Source: Contemporary Review of the Middle East
Holocaust education in any setting requires a careful approach, taking into consideration the cultural sensitivities of the target audiences, local history and current trends. In Israel, where Holocaust education has been created and developed over decades to produce models used around the world, this approach can be examined using the prism of the nationally instituted curriculum. The following article presents the rationale and ramifications of Holocaust education in Israel, as well as principles and suggestions to be considered in Holocaust education world over.
In 2013, the then Israeli Minister of Education Rabbi Shai Piron approached the International School for Holocaust Studies (ISHS) at Yad Vashem requesting the development of a cross-grade, tailored educational curriculum. At the heart of these discussions were core questions of age-appropriate pedagogy and meaningful dissemination of knowledge, focusing on three main dilemmas:
- What to teach? What from within the unprecedented rupture will be appropriate for classroom discussions?
- How can it be taught?
- At what age must one begin dealing with the Holocaust?
The ISHS approach was formally adopted in 2014 by the Israeli Education Ministry as the guiding principle behind Holocaust education. This article outlines the basics of the approach, aiming to serve as a platform for further research on Holocaust education globally as well as in Israel.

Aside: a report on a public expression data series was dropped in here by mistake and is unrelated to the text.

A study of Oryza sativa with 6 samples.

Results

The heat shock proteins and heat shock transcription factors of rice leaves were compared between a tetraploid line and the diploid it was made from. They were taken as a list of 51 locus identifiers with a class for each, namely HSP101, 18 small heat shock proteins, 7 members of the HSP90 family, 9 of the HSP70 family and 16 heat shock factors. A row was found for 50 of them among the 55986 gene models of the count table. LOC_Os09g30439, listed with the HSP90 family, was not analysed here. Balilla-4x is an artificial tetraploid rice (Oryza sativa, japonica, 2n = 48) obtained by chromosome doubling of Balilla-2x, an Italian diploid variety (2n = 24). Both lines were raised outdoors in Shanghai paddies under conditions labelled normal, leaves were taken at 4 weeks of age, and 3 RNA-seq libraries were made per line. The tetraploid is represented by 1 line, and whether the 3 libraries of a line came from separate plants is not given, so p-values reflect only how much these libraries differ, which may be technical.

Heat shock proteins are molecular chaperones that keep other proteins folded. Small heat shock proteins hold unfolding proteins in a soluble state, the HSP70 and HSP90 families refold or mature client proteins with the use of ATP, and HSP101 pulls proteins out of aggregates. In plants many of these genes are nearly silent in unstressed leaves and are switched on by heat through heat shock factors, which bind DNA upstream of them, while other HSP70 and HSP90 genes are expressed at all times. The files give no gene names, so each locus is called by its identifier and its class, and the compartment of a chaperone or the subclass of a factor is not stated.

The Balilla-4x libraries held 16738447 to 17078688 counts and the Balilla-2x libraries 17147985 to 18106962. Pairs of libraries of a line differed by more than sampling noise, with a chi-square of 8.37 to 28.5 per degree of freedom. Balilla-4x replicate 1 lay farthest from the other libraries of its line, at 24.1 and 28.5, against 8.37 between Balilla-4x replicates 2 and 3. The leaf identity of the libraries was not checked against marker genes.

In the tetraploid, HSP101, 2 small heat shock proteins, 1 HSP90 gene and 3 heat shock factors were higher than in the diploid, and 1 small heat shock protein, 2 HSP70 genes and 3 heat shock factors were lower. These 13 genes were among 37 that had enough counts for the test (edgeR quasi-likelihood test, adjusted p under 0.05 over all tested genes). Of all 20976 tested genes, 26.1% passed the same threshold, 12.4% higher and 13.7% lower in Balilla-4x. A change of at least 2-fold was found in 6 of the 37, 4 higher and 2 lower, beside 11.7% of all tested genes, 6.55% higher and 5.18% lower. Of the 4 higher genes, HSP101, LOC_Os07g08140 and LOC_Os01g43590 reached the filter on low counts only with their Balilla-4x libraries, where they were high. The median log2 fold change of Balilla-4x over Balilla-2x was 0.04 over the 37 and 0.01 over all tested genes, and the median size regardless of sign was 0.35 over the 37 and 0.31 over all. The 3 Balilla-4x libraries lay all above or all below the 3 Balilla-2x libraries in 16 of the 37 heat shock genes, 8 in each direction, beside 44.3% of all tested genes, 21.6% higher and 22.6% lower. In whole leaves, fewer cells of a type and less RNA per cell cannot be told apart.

Since the establishment of Yad Vashem in 1953 by an act of the Knesset to be the Jewish people’s memorial to the six million murdered in the Holocaust, it has become the most familiar name in the world synonymous with Holocaust remembrance. The ISHS was established in 1993 aiming to develop and provide the pedagogical approaches and tools for educators around the globe who grapple with teaching the subject matter of the Holocaust. Since then, the ISHS work has spread to over 60 countries, with tens of thousands of educators who learn and teach with accordance to the philosophy, and hold a constant dialogue that deals with the question at heart—how to keep Holocaust studies relevant in today’s classrooms.